Now THAT is a knife: specifically, a limited-edition Zwilling Intercontinental 20cm Chef’s Knife

Celebrate 290 years of chopping up ingredients with this beautiful commemorative cook's knife made in Solingen, Germany

Zwilling Intercontinental 20cm Chef’s Knife
(Image credit: Zwilling)

Zwilling of Germany makes some of the best knives you can lay your hands on, but here's one that's slightly out of the ordinary. The reasons for releasing it are slightly odd, but the knife itself looks great. When I say slightly odd, what I mean is that the limited-edition knife – Intercontinental 20cm Chef’s Knife, to give it its full title – has been released to celebrate Zwilling's 290th anniversary. That's right, the big 29-0. Oh, and said anniversary was actually last year, not this year. But what the heck, why should we have to wait a further 9 years for the 300th anniversary to have a nice new knife?

Zwilling describes the Intercontinental as the 'ultimate piece of kitchen equipment for budding chefs and keen home cooks,' and it looks like it would be a worthy addition to our guide to be best chef's knives, if only I could lay my hands on one. There will only be 2,900 available in the entire world, and only 200 in T3's native UK. 

Zwilling Intercontinental 20cm Chef’s Knife

The Zwilling Intercontinental 20cm Chef’s Knife comes in this attractive presentation case

(Image credit: Zwilling)

This unique anniversary knife seems to differ slightly from the standard Zwilling knife silhouette, with just a little more flair, and some unusual materials. The handle is bocote wood, which comes from a tree found in Central America and features distinctive and attractive striping, with every handle being unique. Continuing that theme, each blade has its own serial number from 1 to 2,900 lasered on it. There's a also a Zwilling logo on the bolster of the knife – the part where the blade meets the handle – which is an unusual addition, and very smart it looks too.

This seems like the type of knife you'd buy more as a showpiece than an everyday knife for gutting fish and chopping up chickens and it undeniably looks very stylish. It's also said to be extremely well balanced – another Zwilling hallmark – ergonomic, and comfortable to use.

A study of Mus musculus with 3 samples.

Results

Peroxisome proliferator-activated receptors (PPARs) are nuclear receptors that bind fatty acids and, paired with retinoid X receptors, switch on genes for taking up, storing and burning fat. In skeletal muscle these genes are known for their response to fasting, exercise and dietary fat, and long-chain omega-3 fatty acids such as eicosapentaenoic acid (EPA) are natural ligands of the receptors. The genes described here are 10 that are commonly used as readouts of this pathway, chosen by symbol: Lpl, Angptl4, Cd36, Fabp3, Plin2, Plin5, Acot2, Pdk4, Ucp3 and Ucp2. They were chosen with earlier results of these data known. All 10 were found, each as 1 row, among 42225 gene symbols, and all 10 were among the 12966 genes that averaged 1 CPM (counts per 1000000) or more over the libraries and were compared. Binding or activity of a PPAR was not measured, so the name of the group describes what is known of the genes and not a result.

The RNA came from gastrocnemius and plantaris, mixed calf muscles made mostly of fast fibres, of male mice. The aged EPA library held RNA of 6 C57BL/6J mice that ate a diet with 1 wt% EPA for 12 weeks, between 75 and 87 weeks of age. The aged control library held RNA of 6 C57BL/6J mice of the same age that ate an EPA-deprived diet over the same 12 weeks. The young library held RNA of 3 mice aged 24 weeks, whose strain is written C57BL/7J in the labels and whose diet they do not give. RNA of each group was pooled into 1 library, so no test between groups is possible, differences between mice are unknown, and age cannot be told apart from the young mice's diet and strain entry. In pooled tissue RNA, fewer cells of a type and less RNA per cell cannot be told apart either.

Some German knife brands make most of their blades in the Far East nowadays, but Zwilling still manufacture most of its knives in the brand's historic home town of Solingen, and the Intercontinental Chef’s Knife is no exception. 

The 20cm blade is described as 'special formula steel'. That could mean practically anything, but Zwilling's blades are usually very good, even when they aren't limited edition pieces. The formula used is specifically 'special' in that it retains its cutting edge, is flexible and also corrosion-resistant. A 20cm blade also happens to be my favourite length as I find it gives you a knife that's big enough to do just about any job a home chef is likely to need done, but small enough to be manoeuvrable and easy to store.

Well okay, perhaps not that easy to store in this case; the limited-edition Intercontinental Chef’s Knife isn't one to toss in your knife drawer or impale into a knife block after use. No, it comes in a very chic but quite substantial-looking Thermobeech wooden box, with an inlay card that also displays the same serial number as the blade.

Described as an 'ideal gift for foodies, chefs, home cooks and anyone who enjoys cooking and enjoys food,' this stunning looking knife is not as outrageously priced as you might expect. Although at £249/$290 it's also not what you'd call a pocket money purchase either. A fine chef's knife like this should last a lifetime if cared for – and what kind of monster would buy a stunning limited-edition blade like this and not treat it with care? 

Duncan has been writing about tech for almost 15 years and fitness ever since he became middle aged and realised he could no longer rely solely on his boyish good looks. He used to be on telly loads, but an unfortunate incident put a stop to that, so he now largely contents himself with telling people, "I used to be on the TV, you know."
Pre-lockdown Duncan was widely regarded as the best-dressed man ever to work for T3 – admittedly not saying much. Post-lockdown he is looking forward to wearing clothes other than shorts and hoodies again very soon, assuming he can still fit into them. He currently writes about cycling, fitness tech that isn’t too heavy, and all things kitchen and home related.